Talk submission instructions
If you have any questions, please see the Proposal Submission FAQ. If that doesn't answer your questions, contact the PyCon Program Committee at firstname.lastname@example.org.
- November 1st, 2010: Talk proposals due.
- December 15th, 2010: Acceptance emails sent.
- January 19th, 2010: Early bird registration closes.
- March 9-10th, 2011: Tutorial days at PyCon.
- March 11-13th, 2011: PyCon main conference.
- March 14-17th, 2011: PyCon sprints days.
No Automatic Speaker Registration Or Payment
PyCon is a volunteer-run, "everybody pays" community conference. We keep the costs low to make PyCon accessible to the greatest range of community members possible. This means that PyCon cannot offer payment or free registration to conference speakers. Conference registration, accommodations, and transportation are the responsibility of the speakers.
However, financial aid will be available, and speakers who pay their own way are encouraged to apply. Giving a talk is a great rationale when requesting aid. If you require financial aid in order to attend PyCon, please note it in your proposal and be sure to apply.
Permission to Record & Release Presentations
Part of the motivation for PyCon is to help with Python education and advocacy around the world, not just in the United States, and not just at PyCon. Accordingly, we intend to record all PyCon presentations and release the recordings on the web. By submitting your talk proposal, you agree to give permission to the Python Software Foundation to record, edit, and release audio and/or video of your presentation.
To cut down on administration, no exceptions will be made. If you don't want to give the PSF permission to record your presentation and release the recording, do not submit a proposal.
For details, see the Recording Release Agreement.
Suitable topics for PyCon presentations include, but are not limited to:
- Core Python, including Python 3
- Other implementations: IronPython, Jython, PyPy, and Stackless.
- Python libraries and extensions
- Business applications
- Embedding and extending Python
- Game programming
- GUI programming
- Network programming
- Open source Python projects
- Packaging issues
- Programming tools
- Project best practices
- Science and math
- Social issues
- System administration with Python
- Web programming (Django, Pylons, Zope, TurboGears, WSGI...)
The preferred length for talks is 30 minutes. You can request a 45-minute slot, but proposals requiring 45 minutes will be reviewed more stringently. 45-minute slots are, as a rule of thumb, reserved for how-to talks rather than talks about things you made, saw, or did.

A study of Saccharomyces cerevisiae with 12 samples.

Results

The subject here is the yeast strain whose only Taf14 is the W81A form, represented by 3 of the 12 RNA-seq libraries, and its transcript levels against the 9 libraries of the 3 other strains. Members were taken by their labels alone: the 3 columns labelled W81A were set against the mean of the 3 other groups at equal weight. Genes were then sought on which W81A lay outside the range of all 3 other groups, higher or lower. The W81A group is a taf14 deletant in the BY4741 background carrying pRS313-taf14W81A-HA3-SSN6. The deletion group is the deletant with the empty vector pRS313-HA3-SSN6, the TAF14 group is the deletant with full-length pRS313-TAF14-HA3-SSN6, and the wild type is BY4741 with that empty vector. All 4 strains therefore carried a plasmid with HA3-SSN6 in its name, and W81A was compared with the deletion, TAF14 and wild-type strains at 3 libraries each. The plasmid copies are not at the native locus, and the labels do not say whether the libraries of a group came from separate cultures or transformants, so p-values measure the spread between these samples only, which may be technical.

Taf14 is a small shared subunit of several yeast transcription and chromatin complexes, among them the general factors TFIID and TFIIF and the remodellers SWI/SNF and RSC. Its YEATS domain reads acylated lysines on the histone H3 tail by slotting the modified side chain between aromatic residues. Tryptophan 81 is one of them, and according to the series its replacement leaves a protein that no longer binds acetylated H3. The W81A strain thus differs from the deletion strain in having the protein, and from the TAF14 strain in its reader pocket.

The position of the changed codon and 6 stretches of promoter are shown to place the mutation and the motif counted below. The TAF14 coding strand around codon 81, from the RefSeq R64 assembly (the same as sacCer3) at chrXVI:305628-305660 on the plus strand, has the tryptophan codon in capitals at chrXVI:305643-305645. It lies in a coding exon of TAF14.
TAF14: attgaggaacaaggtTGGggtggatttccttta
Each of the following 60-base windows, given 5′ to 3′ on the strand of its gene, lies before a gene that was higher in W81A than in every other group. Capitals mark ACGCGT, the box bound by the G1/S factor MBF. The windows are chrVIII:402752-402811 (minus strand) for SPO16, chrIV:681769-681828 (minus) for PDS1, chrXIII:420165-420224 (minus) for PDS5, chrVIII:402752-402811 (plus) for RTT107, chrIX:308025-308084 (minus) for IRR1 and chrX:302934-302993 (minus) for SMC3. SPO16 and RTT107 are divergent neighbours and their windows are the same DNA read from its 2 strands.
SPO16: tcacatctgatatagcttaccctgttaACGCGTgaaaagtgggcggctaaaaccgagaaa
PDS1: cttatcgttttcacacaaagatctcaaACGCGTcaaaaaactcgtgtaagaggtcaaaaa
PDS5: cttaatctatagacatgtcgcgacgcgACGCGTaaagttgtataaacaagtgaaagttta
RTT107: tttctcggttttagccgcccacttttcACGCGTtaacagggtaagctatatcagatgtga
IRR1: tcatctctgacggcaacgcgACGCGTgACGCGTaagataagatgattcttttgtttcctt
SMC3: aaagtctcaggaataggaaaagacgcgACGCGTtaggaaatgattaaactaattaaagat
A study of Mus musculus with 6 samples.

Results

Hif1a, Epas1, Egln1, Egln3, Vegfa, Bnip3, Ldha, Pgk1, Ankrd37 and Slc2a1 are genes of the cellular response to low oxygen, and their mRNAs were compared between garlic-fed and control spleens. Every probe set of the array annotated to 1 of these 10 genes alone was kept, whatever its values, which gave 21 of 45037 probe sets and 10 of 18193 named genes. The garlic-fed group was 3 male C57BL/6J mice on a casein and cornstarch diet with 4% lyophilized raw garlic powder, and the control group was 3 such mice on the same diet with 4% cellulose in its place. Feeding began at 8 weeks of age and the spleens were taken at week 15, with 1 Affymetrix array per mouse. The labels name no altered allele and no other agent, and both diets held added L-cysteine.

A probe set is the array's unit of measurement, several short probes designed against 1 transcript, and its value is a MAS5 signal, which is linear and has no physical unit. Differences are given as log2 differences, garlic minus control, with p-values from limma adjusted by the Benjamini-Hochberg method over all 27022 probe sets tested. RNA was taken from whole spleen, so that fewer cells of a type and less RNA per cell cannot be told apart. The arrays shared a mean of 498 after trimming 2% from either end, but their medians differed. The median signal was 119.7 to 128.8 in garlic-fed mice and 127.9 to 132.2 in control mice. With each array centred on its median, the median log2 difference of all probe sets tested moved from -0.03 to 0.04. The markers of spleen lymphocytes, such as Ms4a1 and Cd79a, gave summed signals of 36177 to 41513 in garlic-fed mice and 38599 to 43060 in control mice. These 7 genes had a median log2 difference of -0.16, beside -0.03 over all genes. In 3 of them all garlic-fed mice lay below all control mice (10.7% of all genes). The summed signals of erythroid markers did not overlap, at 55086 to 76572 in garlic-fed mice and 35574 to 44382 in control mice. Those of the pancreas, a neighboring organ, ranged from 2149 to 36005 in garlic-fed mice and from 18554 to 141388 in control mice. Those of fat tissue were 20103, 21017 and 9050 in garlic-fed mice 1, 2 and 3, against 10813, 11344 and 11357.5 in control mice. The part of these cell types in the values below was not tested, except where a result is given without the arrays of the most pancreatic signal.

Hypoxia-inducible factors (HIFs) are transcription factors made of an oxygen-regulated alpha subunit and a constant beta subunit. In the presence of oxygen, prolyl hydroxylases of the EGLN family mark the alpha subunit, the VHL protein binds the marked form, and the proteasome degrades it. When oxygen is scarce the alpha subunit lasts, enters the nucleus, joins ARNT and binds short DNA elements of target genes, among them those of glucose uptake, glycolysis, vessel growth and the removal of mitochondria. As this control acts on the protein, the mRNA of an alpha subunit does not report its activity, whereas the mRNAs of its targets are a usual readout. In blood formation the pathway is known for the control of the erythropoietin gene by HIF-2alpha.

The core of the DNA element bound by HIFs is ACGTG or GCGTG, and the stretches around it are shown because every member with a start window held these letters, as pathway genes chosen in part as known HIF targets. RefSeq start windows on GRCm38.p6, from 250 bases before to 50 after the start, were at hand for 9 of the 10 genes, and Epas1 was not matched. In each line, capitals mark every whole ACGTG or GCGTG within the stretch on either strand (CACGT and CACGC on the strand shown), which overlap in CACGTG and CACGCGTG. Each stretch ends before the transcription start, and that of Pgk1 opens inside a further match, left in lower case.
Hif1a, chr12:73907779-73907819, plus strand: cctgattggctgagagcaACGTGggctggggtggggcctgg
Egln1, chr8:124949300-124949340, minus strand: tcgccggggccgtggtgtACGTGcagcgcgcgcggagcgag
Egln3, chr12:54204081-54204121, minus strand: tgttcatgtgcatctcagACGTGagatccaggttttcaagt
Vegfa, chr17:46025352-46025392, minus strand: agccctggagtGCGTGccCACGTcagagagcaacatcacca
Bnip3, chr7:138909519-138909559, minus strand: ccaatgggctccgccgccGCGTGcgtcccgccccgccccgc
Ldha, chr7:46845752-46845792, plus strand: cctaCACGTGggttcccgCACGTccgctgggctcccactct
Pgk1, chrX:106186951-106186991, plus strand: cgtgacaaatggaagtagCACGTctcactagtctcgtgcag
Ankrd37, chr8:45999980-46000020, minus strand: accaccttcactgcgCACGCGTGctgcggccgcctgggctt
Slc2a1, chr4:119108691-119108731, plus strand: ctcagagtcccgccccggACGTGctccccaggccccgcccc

Open Space rooms will also be available for follow-up sessions.
Session lengths include time for audience questions. You should budget at least five minutes for questions; for example, a 30-minute talk will be 25 minutes of presentation and 5 minutes of questions.
Panel discussions are 45 minutes long.
The Help For Speakers page has suggestions and advice for speakers.
Proposal Submission Mechanics
Starting on September 22nd, 2010, use the PyCon Online Proposal Submission system to send us your proposals. You must create an account on the website (and be logged in) in order to submit a proposal. In your profile, be sure to include a one paragraph biography, written in the third person ("Presenter Name is..."); include where you live, your job, your projects, books you've written, volunteer activities, etc. We use this for the conference guide, and other promotional materials.
The primary author should submit the proposal, after which additional authors can be added (they must have accounts too).
The proposal submission system will walk you through all required fields. Please refer to the example proposals to get a better idea of what a complete proposal should look like.
If your proposal is accepted, you are free to include a companion paper along with your presentation, to be published on the PyCon web site. If you're including a paper, you must do so by the paper submission deadline: November 1, 2010. This submission is to be your full paper, not a draft. It should contain the usual aspects of an academic paper such as an abstract, introduction, body and conclusion. Please ensure that the submission has had its grammar and spelling corrected and that code snippets work.
Your paper allows attendees who attended your talk a chance to refresh their memories about your presentation, and gives attendees who missed your talk a chance to learn from you anyway. Make sure your paper includes -- at the very least -- a brief introduction to your subject material and a list of further resources.
Appropriate file formats include reST, HTML, and PDF. We encourage authors to place their papers under a Creative Commons license, note that any license you choose must allow the Python Software Foundation/PyCon to redistribute the material. Please visit the Creative Commons "Choose a License" page to select a license that meets your requirements.
Other Presentation Opportunities
If you don't want to make a formal presentation, you're still more than welcome to bring your new project or idea to PyCon!
There will be several sessions of Lightning Talks, which are 5-minute mini-talks scheduled right at the conference. There will also be several Open Space rooms for informal and spur-of-the-moment presentations. Open Space slots are allocated during PyCon on a first-come first-served basis. These slots can be used for presentations, round table discussions, hands-on tutorials, follow-up discussions after scheduled talks, or anything else you wish to present.
We look forward to seeing you in Atlanta!